Friday, February 3, 2006

Punitive Damage Award against Philip Morris in OR

[CASE] The Oregon Supreme Court upheld a $79.5 million punitive damage award against a cigaratte manufacturer in favor of a widow whose late husband kept smoking because he believed a company wouldn't sell something that was truly harmful. The company plans to appeal. - $79.5M Judgment Against Philip Morris Upheld in Oregon

The case is Williams v. Philip Morris Inc., --- P.3d ---, 2006 WL 242456 (Ore. Feb. 2, 2006). This is the latest stop in a long procedural trail:

  • Oregon Court of Appeals, 6/5/02 (48 P.3d 824)
  • Oregon Court of Appeals reconsideration, 8/7/02 (51 P.3d 670)
  • Oregon Supreme Court denying review, 12/24/02
  • U.S. Supreme Court granting certiorari, vacating judgment, and remanding "for further consideration in light of State Farm Mutual Automobile Insurance Company v. Campbell, 538 U.S. 408, 123 S.Ct. 1513, 155 L.Ed.2d 585 (2003)," 10/6/03 (124 S. Ct. 56 (mem.))
  • Oregon Court of Appeals on remand, 6/9/04 (92 P.3d 126).

The Oregon Supreme Court analyzed the damages using the "guideposts" set out in BMW of North America, Inc. v. Gore, 517 U.S. 559, 116 S Ct 1589, 134 L.Ed.2d 809, Findlaw (1996) (degree of reprehensibility, ratio of punitive damages to compensatory damages, and civil or criminal sanctions for comparable conduct). The Oregon court concluded:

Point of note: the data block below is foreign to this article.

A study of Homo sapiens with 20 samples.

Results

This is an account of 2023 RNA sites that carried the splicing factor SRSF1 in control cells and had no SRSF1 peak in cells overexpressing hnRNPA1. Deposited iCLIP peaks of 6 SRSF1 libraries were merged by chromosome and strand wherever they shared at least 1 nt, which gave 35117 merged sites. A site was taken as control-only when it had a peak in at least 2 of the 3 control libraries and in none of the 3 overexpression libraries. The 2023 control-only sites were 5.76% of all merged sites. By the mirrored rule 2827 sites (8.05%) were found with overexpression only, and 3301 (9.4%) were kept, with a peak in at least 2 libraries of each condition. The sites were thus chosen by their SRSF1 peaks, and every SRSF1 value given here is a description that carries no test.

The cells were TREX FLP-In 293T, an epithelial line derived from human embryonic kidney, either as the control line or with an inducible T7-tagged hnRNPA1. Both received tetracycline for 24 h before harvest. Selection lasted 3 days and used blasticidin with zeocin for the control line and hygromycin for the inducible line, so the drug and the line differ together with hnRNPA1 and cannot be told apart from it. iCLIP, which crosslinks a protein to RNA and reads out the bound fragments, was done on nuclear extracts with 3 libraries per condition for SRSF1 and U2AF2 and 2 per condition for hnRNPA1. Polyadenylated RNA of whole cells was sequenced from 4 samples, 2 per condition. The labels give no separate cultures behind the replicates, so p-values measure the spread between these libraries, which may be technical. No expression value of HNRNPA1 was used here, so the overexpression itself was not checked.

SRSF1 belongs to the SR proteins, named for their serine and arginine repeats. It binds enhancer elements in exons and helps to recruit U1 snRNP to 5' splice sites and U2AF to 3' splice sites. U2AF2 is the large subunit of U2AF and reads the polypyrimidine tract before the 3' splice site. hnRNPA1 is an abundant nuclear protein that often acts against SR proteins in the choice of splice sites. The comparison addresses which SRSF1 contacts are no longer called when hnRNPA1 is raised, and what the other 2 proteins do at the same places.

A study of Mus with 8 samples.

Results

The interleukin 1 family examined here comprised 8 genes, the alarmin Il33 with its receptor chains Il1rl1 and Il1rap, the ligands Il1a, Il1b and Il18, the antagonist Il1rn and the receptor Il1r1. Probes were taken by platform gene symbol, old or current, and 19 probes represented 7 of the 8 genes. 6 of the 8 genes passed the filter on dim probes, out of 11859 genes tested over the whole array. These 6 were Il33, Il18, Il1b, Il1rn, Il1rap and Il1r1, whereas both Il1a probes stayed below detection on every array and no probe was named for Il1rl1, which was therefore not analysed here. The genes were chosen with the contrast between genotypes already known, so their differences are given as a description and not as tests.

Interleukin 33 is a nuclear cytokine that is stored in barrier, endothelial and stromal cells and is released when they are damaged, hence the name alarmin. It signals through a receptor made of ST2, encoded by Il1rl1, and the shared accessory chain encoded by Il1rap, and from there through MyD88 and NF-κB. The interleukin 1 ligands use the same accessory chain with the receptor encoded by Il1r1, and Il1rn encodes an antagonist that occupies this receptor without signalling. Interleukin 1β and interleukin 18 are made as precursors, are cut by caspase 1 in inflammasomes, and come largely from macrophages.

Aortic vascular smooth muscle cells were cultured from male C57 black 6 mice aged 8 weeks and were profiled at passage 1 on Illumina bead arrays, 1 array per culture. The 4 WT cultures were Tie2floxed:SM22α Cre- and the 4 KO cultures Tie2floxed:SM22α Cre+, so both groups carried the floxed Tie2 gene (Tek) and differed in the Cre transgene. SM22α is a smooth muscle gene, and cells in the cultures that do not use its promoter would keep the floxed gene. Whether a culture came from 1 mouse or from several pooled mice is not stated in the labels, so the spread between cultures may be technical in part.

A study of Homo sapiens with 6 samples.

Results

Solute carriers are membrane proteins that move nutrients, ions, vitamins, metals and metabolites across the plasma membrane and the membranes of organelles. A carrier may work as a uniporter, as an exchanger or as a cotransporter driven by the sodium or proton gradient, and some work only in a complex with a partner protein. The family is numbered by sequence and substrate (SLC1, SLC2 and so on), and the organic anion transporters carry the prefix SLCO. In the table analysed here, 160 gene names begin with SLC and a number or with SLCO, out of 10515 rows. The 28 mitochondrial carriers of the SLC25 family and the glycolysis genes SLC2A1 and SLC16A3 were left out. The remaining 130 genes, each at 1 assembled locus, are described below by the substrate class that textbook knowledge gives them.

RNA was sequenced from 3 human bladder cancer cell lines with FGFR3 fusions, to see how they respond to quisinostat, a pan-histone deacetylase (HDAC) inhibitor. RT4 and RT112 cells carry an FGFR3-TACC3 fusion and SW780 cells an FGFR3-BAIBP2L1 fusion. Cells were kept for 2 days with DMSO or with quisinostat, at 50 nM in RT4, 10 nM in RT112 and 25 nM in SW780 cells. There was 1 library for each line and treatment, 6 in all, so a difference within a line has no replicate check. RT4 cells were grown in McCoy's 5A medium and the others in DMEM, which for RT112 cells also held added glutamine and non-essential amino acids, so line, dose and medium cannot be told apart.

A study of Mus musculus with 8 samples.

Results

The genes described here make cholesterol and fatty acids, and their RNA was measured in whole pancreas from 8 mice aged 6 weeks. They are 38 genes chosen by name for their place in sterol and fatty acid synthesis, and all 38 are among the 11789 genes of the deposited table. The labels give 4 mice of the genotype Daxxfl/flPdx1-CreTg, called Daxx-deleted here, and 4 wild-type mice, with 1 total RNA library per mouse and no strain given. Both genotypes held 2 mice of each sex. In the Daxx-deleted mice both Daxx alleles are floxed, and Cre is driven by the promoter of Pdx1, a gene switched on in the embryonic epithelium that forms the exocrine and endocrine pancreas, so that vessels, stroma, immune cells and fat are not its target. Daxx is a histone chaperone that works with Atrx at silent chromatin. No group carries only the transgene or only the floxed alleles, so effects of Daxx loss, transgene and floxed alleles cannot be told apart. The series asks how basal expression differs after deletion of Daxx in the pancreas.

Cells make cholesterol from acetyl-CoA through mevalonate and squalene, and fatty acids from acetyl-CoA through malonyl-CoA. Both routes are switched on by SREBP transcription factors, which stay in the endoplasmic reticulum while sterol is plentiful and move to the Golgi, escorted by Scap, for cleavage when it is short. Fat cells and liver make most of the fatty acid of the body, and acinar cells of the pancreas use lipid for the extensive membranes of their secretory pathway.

The Gore guideposts are not bright-line tests. * * * Campbell specifically contemplated that some awards exceeding single-digit ratios would satisfy due process. * * * Single-digit ratios may mark the boundary in ordinary cases, but the absence of bright-line rules necessarily suggests that the other two guideposts--reprehensability and comparable sanctions--can provide a basis for overriding the concern that may arise from a double-digit ratio.

And this is by no means an ordinary case. Philip Morris's conduct here was extraordinarily reprehensible, by any measure of which we are aware. It put a significant number of victims at profound risk for an extended period of time. The State of Oregon treats such conduct as grounds for a severe criminal sanction, but even that did not dissuade Philip Morris from pursuing its scheme.

In summary, Philip Morris, with others, engaged in a massive, continuous, near-half-century scheme to defraud the plaintiff and many others, even when Philip Morris always had reason to suspect--and for two or more decades absolutely knew--that the scheme was damaging the health of a very large group of Oregonians--the smoking public--and was killing a number of that group. Under such extreme and outrageous circumstances, we conclude that the jury's $79.5 million punitive damage award against Philip Morris comported with due process, as we understand that standard to relate to punitive damage awards. It follows that the Court of Appeals correctly held that the trial court should have entered judgment against Philip Morris for the full amount of the jury's punitive damage award.

On this side of the Columbia, by the way:
Punitive damages are not allowed in Washington unless specifically authorized by statute. The Washington Supreme Court has continually held that punitive damages are unsound in principle and contrary to public policy.
David K. DeWolf & Keller W. Allen, 16 Tort Law and Practice section 5.10 (2d ed. current through 2006 supp.).